Photo by Devin Campbell.

After 10 years in her ’60s-era home in Radnor, Sandy Pancoast yearned for a hip apartment in Paris—but she didn’t want to move. So instead, she and her husband, Bill, conceived their own slice of Europe in an ambitious reimagining of their 6,000-square-foot home.

The project started small, with new decking around the pool, but soon expanded like the dough for a dozen baguettes. When they decided to add an outdoor kitchen, they called George Metzler of Rittenhouse Builders to give them an estimate for a covered portico.

Next, they installed new windows with black painted wood frames to mimic the metal frames found in France. “This was a chance to do something different, to set the tone,” Bill recalls.

With that inspirational infrastructure in place, they committed to a whole house makeover.

In the Details

Metzler and his team worked closely with Linda Phillips, the Pancoasts’ friend, neighbor and interior designer, to set the tone for an edgy take on traditional French style. “Linda’s gift is understanding what people want and then delivering it,” says Bill. “She’s incredibly talented.”

The kitchen is a study in black and white. Black lacquer cabinets are set into an island with a waterfall counter of white quartz laced with bold gray veining. There are no upper cabinets or open shelving. Instead, floor-to-ceiling white flat-panel cabinets and under-counter cabinets with drawers provide storage.

Photo by Angle Eye Photography.

Photo by Angle Eye Photography.

“The cabinetry is very sleek and minimalist, like what you would find in current-day Europe,” Metzler says. “Sandy did not want a kitchen that looks like a kitchen, because it’s open to the living area.”

Behind its simple lines, the kitchen is replete with details. The commercial-style range exhaust is at roof level, removing any sounds from the fans. There are two dishwashers, one accessible from the patio to facilitate poolside entertaining. Elsewhere, a foldaway window opens to the outdoor kitchen.

The 8-foot ceiling in the kitchen and adjoining family room is dressed with molding in large hexagons, providing architectural interest without requiring depth. The rooms were previously divided by a steel support column, which was removed in favor of an inset support ceiling beam. “It’s expensive but worth it,” Metzler says.

Reimagined Spaces

While the house feels more open, the existing footprint never changed. In reimagining their home, the Pancoasts’ goal was to make better use of its already considerable size, taking space from seldom-used areas and adding square footage to the places they enjoy most.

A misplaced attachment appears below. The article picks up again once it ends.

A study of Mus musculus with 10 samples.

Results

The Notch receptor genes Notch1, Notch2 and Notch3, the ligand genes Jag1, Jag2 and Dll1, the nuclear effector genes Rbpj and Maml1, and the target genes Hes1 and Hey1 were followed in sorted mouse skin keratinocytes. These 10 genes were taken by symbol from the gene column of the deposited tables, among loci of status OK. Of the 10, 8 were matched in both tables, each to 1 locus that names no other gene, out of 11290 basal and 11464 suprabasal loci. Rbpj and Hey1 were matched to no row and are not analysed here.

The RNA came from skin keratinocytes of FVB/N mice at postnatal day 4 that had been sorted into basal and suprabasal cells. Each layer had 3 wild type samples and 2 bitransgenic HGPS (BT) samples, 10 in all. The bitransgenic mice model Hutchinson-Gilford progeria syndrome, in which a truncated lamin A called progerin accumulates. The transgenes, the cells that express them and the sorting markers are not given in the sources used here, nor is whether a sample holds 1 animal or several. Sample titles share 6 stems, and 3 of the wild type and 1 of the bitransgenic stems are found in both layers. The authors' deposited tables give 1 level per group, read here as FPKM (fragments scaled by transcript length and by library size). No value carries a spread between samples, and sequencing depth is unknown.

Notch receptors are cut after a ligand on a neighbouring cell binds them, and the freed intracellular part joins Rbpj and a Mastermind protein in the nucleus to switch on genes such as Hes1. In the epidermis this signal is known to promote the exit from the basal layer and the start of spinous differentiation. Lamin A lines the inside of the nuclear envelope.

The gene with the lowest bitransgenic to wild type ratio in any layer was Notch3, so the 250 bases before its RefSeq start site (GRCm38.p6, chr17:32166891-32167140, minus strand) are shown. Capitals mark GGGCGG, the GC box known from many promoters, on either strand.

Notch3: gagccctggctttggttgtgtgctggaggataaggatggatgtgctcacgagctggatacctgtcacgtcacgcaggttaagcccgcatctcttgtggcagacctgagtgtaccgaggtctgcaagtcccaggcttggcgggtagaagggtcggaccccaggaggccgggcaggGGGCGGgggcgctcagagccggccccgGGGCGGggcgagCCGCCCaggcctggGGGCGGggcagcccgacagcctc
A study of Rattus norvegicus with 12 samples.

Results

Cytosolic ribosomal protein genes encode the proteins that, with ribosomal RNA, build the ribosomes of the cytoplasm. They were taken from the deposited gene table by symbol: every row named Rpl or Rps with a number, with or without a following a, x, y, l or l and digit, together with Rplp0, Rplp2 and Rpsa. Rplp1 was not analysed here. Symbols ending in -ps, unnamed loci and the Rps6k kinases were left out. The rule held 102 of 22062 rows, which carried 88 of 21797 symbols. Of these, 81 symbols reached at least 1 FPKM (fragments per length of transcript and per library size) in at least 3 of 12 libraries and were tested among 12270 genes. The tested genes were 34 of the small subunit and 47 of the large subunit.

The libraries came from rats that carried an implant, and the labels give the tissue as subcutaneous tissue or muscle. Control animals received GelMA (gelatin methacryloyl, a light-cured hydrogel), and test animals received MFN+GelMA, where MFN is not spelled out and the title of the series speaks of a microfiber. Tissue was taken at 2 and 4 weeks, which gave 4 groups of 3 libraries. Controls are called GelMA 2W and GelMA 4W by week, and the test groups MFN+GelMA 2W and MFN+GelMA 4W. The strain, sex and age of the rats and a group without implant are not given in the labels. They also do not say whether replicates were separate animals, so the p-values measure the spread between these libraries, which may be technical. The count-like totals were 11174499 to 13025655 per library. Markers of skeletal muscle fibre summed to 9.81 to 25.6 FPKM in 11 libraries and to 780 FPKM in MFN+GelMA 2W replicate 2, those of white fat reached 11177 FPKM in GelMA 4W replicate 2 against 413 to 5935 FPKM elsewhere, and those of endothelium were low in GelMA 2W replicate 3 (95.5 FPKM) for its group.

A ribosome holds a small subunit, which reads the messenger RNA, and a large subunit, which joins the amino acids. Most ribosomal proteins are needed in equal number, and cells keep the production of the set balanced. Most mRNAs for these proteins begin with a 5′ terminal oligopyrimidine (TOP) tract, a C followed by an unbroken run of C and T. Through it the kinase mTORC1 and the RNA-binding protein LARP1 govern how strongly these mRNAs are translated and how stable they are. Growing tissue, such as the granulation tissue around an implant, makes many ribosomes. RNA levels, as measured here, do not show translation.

Photo by Angle Eye Photography.

Photo by Angle Eye Photography.

That included tearing out a meandering maze of closets to create a spacious master bathroom, complete with a double steam shower sheathed in marble. His and her vanities are stationed back to back in the center of the room, giving each spouse an individual zone for grooming and storage. “It’s so nice to have your own side of the bathroom, your own closet and to still be able to talk to one another,” Bill says.

Photo by Angle Eye Photography.

Photo by Angle Eye Photography.

Elsewhere, there’s an emphasis on equally high-end finishes, including the front door, which is crafted from a 2.5-inch thick slab of mahogany and framed with side-light windows. “It’s completely handmade, something to be enjoyed, the tactile feedback you get from a really well made door,” Metzler says.

Photo by Angle Eye Photography.

Photo by Angle Eye Photography.

Raise a Glass

The foyer makes a striking statement thanks to a floor designed by Phillips in a bold chevron pattern of black and white, a harbinger of the palette throughout the public spaces of the house.

It’s a large, welcoming area, with a compact wet bar installed by a previous owner. The Pancoasts took the mini bar up a notch with a cool quartz countertop, high-gloss black cabinetry and LED lighting in an upper cupboard for barware. An icemaker and a wine fridge are tucked under the counter.

Photo by Angle Eye Photography.

Located between the living and dining rooms, the foyer is an ideal location for entertaining, and guests are often greeted with a glass of bubbly. “There is tremendous flow,” Bill says. “There are no bottlenecks.”

Seamless Connections

The house can comfortably accommodate up to 100 guests indoors. In fine weather, when they open the pool and patio, that number doubles. The patio is set in an oversized checkerboard pattern, reflecting the palette inside the house. A knee wall around the pool provides casual seating nearby.

“It was important to us that there be a great connection between the inside of the house and the outdoors,” Bill says. “People should be able to move comfortably from one place to the other.”

Sandy and Bill Pancoast with their dog, Lacey.
Photo by Gini Woy.

Photo by Gini Woy.

Phillips came up with the design for the project that started it all. The roof above the outdoor kitchen is an elaborate arched and beamed tongue-and-groove ceiling crafted from Douglas fir with a mahogany stain. A porthole window mirrors accent windows on the house and ushers in natural light.

“She sketched a beautiful plan and we made it happen,” Metzler says. “You can do a better job if you know what makes people happy, and the collaboration between the Pancoasts and everyone who worked on their home shines through in the result.”